07 November 2018 - Events
We've moved. Only two doors down along Old Bailey, but a world of difference. We're now open-plan, agile and paperless (or as paperless as it's possible for lawyers to be). When I'm not complaining about my earring getting stuck to the magnetic part of my new headset, I feel ever so modern carrying my streamlined laptop to our new 'Hub' (aka our café / workspace / meeting area). But is this sort of agile working really something that should be implemented for all?
Agile. I was flexible before I was agile. For years, I have worked a four day week, with one of those four days from home. Apparently, the terminology makes a difference – 'flexible working' focuses on the employee's individual needs, whereas 'agile working' focuses on the employer's, concentrating on business requirements to create a new norm where employees can work anytime and anywhere.
Whatever you call it, there can be huge benefits to employees in this way of working: greater efficiency, lower travel costs, a better work-life balance and less commuting (there's nothing like 'dead time' on a hot, delayed train in a tunnel to make you feel like you're wasting your life). Employers are also coming round to the fact that these arrangements can be a win-win. Many have moved (or are moving) to new offices to support this sort of agility, saving on expensive office space and other workplace costs in the process.
Sometimes, however, this trend of more 'enforced' agility can mean employees' needs are overlooked. Rather than adapting to these, it can feel as though employers are supplanting one set of fixed rules for another. After all, some employees like going into work every day and switching off at home. Some live near the office and would rather their employer pay for their heating, electricity and other infrastructure costs when they are working. Some like having a fixed desk they can personalise, or find hot-desking difficult, stressful or noisy.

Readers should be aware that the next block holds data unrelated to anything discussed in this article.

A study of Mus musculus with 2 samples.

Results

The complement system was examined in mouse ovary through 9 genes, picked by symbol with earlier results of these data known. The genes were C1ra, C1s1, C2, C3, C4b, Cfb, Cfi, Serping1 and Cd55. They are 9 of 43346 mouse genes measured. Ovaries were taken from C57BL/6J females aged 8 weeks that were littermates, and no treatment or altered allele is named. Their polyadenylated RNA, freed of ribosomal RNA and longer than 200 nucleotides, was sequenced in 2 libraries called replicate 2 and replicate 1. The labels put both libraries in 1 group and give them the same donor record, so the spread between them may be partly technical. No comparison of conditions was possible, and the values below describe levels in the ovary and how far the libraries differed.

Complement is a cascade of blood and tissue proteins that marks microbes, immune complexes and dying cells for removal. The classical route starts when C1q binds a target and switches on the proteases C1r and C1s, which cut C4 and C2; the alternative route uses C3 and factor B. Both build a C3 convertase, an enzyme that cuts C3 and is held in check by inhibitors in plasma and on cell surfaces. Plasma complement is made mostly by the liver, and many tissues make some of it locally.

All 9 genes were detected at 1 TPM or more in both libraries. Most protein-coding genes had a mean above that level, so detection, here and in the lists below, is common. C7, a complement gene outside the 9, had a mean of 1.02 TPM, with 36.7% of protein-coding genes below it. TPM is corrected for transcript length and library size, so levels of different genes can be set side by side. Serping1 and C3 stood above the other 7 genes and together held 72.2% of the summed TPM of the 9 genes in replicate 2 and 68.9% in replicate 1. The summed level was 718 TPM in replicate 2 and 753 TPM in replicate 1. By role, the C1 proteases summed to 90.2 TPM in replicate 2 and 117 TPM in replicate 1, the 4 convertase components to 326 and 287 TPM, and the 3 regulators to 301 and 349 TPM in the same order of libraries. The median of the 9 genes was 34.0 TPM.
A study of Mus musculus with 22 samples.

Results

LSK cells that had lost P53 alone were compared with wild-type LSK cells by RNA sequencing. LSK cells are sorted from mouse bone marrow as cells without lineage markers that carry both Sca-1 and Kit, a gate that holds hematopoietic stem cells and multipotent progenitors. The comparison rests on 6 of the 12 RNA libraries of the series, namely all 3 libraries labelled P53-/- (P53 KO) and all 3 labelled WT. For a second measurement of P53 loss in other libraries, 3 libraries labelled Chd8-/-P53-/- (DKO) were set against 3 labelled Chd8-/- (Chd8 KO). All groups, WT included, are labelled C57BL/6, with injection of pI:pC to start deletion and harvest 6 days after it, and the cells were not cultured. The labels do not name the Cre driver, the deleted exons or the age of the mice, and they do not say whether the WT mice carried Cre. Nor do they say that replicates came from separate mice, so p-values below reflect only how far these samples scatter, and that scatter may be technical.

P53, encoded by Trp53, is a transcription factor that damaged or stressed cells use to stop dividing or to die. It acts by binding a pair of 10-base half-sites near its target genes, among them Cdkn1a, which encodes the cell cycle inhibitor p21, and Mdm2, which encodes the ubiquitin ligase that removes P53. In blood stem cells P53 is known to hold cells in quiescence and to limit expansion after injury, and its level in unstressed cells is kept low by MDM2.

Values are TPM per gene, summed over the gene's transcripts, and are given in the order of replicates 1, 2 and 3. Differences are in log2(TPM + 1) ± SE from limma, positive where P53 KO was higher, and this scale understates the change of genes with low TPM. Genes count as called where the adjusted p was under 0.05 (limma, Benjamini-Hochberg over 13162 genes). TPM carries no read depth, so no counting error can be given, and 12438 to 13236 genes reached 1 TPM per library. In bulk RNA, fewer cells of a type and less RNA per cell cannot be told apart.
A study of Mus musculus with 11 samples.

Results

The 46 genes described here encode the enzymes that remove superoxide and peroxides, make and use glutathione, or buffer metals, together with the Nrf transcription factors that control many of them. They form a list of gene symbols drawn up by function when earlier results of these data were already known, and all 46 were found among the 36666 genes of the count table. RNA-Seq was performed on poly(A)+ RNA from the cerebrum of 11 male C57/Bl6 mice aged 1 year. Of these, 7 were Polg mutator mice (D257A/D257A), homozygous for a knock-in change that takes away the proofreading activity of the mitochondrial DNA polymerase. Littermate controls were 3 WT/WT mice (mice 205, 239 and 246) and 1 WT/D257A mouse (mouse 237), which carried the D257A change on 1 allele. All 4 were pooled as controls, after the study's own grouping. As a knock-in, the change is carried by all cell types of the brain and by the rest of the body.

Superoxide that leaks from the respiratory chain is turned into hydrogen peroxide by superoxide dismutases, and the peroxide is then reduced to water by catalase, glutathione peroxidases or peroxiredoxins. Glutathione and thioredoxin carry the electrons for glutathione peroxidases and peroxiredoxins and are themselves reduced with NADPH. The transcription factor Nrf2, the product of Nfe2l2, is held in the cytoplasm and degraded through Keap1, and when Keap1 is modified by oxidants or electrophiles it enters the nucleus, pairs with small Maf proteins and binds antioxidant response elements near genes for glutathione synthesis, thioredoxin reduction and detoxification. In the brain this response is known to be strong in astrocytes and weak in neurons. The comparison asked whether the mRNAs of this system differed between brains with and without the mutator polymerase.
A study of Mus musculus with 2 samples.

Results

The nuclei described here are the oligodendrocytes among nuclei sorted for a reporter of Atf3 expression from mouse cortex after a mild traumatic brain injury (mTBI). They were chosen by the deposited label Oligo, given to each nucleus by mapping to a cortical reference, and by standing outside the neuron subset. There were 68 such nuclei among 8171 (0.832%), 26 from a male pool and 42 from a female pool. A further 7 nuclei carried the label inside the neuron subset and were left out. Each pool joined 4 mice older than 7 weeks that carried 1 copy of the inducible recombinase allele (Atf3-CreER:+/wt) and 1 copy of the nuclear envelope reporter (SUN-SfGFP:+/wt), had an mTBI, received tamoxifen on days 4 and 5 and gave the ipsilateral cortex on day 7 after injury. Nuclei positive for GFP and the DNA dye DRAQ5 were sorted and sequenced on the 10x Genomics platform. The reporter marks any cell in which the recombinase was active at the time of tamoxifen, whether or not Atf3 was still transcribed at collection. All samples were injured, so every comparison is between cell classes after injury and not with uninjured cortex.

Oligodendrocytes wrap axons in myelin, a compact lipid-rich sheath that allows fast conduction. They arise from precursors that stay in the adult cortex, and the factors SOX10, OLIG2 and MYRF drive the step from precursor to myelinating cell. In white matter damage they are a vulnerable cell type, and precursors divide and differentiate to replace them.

You cannot please everyone, but here are five tips to help introduce agile working in a way that meets employee needs:
- Consult early: Ask staff for their views well before the move, both about broader, strategic issues (e.g. how employees work and what they value; the appetite for remote working) as well as the minutiae (e.g. layout, furniture, IT). Ensure everyone gets a chance to see the plans, sit on the furniture and use the new IT. Engage them early and often.
- Inform and explain: As is often the case with employment issues, good communication is key. Secure the commitment of a number of senior managers and ensure they keep staff informed as key decisions are made, preferably in meetings as well as in writing. Give employees at least one tour of the new office before they move in.
- Remember your duties: Some staff will have special requirements and one size cannot fit all. Adapt your proposals accordingly – e.g. if an employee has a disability that means they need an adapted or fixed desk, you should provide one if reasonable; if an employee has autism, they may need a desk in a quieter area. Failure to make these adjustments could result in claims. Bear in mind your duties to those working remotely as well (e.g. that their desks comply with health and safety requirements).
- Treasure your team: Shiny tech cannot replace the need for employees to feel part of a community. Recognise that team spirit is important and find ways to continue to foster this (e.g. short but regular team meetings; outings to celebrate successes).
- See the move as the beginning: By the time you implement changes, you will (hopefully) have buy-in from many staff. However, if you really want to change ways of thinking, working and behaving, you need to keep monitoring and evaluating the systems in place. Keep listening to your staff, consider any problem areas and determine where further changes need to be made.